Phishing scams using emails, texts, and websites have been around for years. Telephone-based phishing scams have been around for years, too. The phone phishers have some new tricks that are making it harder to detect the scams. What these scams have in common is that they use caller ID spoofing and have some of your personal information. The phishing call may be an actual person, an automated call, or a combination of the two. Here are two examples.

The phone phishers have some new tricks that are making it harder to detect the scams.
  • The caller says that they are calling from your bank, credit union, or credit card company about recent transactions that might be fraudulent. The caller asks you to confirm information such as your address, the last 4 digits of the credit/debit card, the security code on the card, or your social security number.

  • The call appears to be from your phone company calling to prevent your phone service from being suspended for non-payment. The caller asks for your security PIN in order to be connected to a billing department representative.

The phishers are spoofing more than financial institutions and phone companies. They are also spoofing customer support at big-name tech companies and other businesses.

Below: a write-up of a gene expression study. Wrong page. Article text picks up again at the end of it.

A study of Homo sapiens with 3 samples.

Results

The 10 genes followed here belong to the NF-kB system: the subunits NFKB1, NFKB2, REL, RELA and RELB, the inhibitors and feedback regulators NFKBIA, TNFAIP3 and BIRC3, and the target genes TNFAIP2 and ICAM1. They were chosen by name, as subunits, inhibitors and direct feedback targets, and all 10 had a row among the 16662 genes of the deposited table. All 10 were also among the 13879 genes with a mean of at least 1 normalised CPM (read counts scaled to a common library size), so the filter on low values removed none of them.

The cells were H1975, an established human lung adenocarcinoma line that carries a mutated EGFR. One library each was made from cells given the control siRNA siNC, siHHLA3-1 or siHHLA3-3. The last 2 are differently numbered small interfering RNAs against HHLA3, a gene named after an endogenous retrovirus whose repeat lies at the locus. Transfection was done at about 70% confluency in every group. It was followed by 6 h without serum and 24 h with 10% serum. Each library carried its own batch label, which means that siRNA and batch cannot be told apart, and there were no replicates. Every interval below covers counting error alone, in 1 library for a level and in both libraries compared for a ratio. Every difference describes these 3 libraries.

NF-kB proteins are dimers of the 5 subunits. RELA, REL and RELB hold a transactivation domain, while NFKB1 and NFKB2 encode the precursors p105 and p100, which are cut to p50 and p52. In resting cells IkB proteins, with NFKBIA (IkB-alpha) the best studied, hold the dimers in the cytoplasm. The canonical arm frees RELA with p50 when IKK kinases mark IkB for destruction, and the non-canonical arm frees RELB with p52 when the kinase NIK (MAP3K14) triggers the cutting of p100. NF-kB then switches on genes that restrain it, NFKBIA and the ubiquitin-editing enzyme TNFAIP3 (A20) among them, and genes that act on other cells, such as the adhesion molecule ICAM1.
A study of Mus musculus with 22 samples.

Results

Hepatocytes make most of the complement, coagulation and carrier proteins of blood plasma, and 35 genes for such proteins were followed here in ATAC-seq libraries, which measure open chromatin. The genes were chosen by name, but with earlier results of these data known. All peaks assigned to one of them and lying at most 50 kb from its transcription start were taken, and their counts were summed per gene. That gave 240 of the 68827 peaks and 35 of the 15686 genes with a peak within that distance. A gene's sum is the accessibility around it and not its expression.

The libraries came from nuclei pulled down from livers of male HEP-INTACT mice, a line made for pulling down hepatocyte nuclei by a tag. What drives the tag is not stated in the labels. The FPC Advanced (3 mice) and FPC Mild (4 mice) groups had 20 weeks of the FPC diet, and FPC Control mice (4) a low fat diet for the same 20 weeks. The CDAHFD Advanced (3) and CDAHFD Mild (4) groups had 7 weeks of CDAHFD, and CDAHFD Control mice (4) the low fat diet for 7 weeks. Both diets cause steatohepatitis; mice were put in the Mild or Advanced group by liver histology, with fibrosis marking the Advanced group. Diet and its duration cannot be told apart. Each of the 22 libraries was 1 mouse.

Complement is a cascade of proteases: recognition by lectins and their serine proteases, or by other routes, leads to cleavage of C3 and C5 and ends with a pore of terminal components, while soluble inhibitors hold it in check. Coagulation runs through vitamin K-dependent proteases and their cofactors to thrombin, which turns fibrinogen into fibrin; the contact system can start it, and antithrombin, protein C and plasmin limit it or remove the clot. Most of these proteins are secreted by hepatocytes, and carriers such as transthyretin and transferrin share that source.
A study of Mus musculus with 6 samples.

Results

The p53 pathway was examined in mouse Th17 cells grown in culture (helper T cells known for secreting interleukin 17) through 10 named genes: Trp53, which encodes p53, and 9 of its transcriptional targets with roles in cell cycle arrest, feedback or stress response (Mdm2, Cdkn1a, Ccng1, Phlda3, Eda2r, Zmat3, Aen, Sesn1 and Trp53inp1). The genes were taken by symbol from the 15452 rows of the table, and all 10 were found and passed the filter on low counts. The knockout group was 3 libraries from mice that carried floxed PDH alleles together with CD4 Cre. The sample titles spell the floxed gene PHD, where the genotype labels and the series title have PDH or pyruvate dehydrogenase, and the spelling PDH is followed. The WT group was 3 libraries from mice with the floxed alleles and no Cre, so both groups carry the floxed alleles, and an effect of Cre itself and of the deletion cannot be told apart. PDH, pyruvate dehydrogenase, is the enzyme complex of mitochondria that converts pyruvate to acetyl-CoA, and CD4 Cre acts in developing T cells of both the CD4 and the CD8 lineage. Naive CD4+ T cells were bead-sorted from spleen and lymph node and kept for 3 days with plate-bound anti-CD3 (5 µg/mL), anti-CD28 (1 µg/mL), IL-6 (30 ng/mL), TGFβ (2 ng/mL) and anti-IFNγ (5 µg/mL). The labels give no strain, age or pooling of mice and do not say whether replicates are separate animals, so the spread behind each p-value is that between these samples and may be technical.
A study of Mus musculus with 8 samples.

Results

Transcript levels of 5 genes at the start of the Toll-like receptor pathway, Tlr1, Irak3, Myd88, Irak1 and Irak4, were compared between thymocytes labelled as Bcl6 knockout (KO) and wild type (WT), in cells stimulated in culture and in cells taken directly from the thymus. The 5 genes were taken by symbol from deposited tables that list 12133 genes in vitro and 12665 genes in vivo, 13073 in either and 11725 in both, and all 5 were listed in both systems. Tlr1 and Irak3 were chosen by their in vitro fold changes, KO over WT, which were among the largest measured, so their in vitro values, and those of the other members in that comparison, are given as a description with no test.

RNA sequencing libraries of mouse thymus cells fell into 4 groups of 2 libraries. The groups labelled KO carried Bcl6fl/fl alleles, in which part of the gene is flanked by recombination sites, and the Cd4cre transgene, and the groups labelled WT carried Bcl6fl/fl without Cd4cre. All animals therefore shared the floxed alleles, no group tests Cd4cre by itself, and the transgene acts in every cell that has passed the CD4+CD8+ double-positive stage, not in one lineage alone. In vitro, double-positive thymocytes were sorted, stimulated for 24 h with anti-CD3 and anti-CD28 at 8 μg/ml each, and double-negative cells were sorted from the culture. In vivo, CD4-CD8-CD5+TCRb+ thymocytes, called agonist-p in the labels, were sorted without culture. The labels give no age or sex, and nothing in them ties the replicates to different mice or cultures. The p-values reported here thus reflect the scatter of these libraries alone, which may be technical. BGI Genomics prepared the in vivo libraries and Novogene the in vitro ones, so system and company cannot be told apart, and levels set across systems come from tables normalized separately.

How to Protect Yourself

Protect yourself with these tips.

  • Never give out any personal information in response to an unsolicited call.
  • Financial institutions will never call and ask for your PIN number.
  • Don't use a phone number provided by the scammer. Call back the financial institution or business using the phone number on your card, statement, or the customer support number on their website.
  • Caller ID information can be faked, so don't assume that’s who is calling.
  • Scammers can get personal information in many ways, so don't assume a caller is legitimate if they have some of your personal information.
  • Hang up if the caller asks for personal information.